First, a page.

The growing use of collateral charge mortgages means brokers should consider asking clients to sign waivers acknowledging they were appraised of the up and, indeed, the downs attached to those controversial loans, a leading E&O insurance provider told MortgageBrokerNews.ca.
“Certainly, it is a good risk management practice to have them sign a waiver acknowledging that the broker informed them about all aspects of a collateral charges mortgage and releasing the broker of any responsible,” said Derrick Leue, president of LMS PROLINK – broker-partner for Liberty International Underwriters Liberty.
The advice effectively answers a growing number of brokers worried about possible ramifications tied to arranging collateral-charge mortgages as an increasing number of their lenders restrict abandon the convention model.
While readvanceable mortgages have the potential to help clients more quickly tap the equity in their homes and avoid upfront legal costs, they also make it harder for brokers to move that client at renewal or for a refinance given the primary lender has registered the mortgage for 100 per cent of the value of the property.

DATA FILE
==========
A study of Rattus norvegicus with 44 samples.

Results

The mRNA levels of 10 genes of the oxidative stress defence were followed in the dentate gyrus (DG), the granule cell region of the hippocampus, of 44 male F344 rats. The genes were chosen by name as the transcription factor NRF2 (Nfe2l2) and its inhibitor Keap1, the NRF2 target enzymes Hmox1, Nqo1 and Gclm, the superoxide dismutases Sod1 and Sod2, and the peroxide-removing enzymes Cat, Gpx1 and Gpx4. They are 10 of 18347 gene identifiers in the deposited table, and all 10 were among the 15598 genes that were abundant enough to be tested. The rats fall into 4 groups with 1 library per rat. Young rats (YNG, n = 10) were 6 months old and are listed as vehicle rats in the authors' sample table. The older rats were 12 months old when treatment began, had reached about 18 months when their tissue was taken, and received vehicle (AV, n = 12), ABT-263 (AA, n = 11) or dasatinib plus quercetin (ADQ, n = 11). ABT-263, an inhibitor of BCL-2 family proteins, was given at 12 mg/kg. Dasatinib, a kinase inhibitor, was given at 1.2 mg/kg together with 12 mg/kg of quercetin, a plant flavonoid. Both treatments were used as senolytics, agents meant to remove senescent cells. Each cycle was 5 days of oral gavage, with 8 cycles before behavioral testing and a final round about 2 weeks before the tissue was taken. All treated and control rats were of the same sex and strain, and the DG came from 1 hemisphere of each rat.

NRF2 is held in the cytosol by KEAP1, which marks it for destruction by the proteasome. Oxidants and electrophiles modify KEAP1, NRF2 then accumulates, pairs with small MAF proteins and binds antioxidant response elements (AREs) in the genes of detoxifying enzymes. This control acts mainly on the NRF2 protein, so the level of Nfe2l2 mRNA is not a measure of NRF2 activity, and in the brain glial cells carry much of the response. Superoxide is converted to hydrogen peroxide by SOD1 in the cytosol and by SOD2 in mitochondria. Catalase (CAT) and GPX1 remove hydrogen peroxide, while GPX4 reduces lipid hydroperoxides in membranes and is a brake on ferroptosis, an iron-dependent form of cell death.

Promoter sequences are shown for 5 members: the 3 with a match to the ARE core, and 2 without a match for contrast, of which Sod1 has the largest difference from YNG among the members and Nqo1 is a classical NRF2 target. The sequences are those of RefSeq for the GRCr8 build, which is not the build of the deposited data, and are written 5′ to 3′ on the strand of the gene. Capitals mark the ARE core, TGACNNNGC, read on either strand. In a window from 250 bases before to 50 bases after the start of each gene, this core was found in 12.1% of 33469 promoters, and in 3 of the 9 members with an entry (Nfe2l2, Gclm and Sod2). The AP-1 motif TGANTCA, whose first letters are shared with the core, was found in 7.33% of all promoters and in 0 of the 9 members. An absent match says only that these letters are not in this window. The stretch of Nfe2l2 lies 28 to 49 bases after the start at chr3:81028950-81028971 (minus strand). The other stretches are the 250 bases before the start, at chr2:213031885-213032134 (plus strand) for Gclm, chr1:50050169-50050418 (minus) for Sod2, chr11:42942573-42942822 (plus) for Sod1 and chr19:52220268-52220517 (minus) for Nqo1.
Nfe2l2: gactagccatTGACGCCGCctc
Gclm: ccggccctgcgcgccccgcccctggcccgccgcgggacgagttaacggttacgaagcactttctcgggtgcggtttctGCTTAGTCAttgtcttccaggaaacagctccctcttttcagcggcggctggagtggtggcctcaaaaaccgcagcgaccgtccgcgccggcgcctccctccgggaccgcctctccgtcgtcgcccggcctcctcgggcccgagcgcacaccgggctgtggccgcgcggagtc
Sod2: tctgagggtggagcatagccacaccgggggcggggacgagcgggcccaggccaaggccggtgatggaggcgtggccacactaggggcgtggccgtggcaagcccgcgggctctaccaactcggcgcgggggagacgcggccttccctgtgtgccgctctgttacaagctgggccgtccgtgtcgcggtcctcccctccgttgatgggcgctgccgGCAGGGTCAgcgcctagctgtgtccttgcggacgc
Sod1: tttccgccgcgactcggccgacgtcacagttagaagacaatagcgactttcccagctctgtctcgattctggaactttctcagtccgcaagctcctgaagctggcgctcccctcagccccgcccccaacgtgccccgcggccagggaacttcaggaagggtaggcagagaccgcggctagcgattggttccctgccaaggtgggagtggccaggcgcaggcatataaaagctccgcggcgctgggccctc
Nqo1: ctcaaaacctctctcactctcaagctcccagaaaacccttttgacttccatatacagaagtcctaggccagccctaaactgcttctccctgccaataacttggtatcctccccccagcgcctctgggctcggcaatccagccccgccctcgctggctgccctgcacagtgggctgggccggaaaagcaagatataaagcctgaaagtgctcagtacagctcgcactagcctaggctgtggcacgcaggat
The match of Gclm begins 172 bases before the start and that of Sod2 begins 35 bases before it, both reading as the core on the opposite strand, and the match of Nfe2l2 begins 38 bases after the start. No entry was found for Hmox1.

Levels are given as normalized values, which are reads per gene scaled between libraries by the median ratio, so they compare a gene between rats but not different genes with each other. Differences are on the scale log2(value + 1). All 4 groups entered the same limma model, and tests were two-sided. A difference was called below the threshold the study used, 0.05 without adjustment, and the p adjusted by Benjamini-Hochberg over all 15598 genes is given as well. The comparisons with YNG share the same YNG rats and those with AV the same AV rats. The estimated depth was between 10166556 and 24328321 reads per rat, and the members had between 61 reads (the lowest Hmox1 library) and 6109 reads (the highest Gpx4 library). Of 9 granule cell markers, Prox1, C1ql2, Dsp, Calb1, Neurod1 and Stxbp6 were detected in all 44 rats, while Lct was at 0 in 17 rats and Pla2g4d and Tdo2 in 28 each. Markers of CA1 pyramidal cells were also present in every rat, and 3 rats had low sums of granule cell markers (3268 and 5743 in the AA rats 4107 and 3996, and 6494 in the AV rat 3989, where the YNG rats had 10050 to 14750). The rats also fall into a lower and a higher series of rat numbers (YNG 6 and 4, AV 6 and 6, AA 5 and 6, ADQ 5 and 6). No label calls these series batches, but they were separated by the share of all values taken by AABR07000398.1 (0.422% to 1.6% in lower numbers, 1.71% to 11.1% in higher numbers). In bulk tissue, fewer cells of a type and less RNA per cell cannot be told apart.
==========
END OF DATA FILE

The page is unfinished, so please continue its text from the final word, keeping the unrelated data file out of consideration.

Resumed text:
That has the potential to tie the hands of clients if their lender is unwilling to readvance the loan and they’re forced to go elsewhere for a second mortgage or refinance. There’s also concern about the arbitrary resetting of interest rates by lenders if the loan falls into arrears.
They’re complex challenges brokers fear could lead to a spike in litigation as trapped clients look to ascribe blame.
Leue hasn’t yet seen any growth in those types of cases, although “if the past is an indication, I would say that it is a possibility,” he said.
At the very least a waiver would provide a broker with the opportunity to engage the client in a comprehensive discussion on the potential pitfalls attached to collateral charges, although it’s by no means a guarantee against the kind of uptick in claims the industry attracted as private lending deals went belly up in the recession.
“At the end of the day, if they want to come forward with a claim, a waiver isn’t likely to stop a (litigation) lawyer,” Leue told MortgageBrokerNews.ca.